It has been an interesting time on the County Council.
With the need to continue to identify substantial savings in the budget, every area of the council’s work is being looked at.
The various scrutiny committees have been working extremely hard to make sure that the residents of Lincolnshire are continuing to get value for money.
The latest area to be examined is heritage where a report outlined the way forward for the development of a revitalised but sustainable service.
In essence, it explored ways of reducing the cost of the archive and heritage service whilst improving and enhancing what is provided to the public.
The recent success of the Lincoln Castle Revealed project was the catalyst for the plan that should ensure the financial stability of the service and assure the care and preservation of Lincolnshire’s heritage.
A number of new initiatives will result in a more commercial stance that will also allow the re-investment of any profit directly back into the operation to improve performance.
The goal is to make sites sufficient in time without having to outsource everything.
It is not without risks, which is why it was scrutinised very carefully.
The comments of the committee were that there was a danger of becoming too focused on income generation.
As a result, the smaller heritage sites could become isolated and harder to sustain.
These comments were reported back to the council executive, who approved the plan.
Here in Gainsborough, we have been ahead of the game for years in staging the annual beer festival in the Old Hall.
The festival not only brings visitors from all over the country to this heritage site, but also attracts income for local business and charities.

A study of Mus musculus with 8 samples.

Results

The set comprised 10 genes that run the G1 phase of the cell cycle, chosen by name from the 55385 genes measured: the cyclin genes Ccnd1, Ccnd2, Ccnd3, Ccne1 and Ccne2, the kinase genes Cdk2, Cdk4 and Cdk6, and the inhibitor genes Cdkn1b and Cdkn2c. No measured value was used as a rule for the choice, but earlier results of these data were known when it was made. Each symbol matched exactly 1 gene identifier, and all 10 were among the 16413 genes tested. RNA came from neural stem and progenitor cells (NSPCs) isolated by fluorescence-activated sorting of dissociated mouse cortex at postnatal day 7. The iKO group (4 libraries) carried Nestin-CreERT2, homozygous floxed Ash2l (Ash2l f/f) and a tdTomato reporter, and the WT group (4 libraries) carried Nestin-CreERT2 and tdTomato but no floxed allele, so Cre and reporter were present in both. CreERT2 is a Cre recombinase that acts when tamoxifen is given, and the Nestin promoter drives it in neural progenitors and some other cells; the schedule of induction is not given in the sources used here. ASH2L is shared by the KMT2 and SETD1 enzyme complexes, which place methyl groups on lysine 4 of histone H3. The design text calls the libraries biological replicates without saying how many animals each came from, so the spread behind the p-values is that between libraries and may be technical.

It was a pleasure to welcome so many visitors to the festival.
At the recent extraordinary meeting of the county council the subject of devolving certain powers from Government to a more local level was debated.
There had been a consultation with all of Lincolnshire’s residents.
And the consensus was that, while devolution is desirable, an elected mayor and the additional bureaucracy that would impose, was not wanted by anyone.
The debate followed a similar reasoning.
The requirement for an elected mayor, with all the trappings of office, at a not inconsiderable cost of £2 million being quoted by many councillors, was an expense that could not be justified.
The imposition of an additional layer of local government, complete with tax gathering powers, being foisted on the county did not sit well with many.
The council therefore rejected the Government’s offer of up to £15 million per annum in funding of specific projects subject to all the Lincolnshire councils agreeing to the creation of a mayor and a mayoral authority.
For me, it was a privilege to be part of a democratic decision that reflected the will of the people.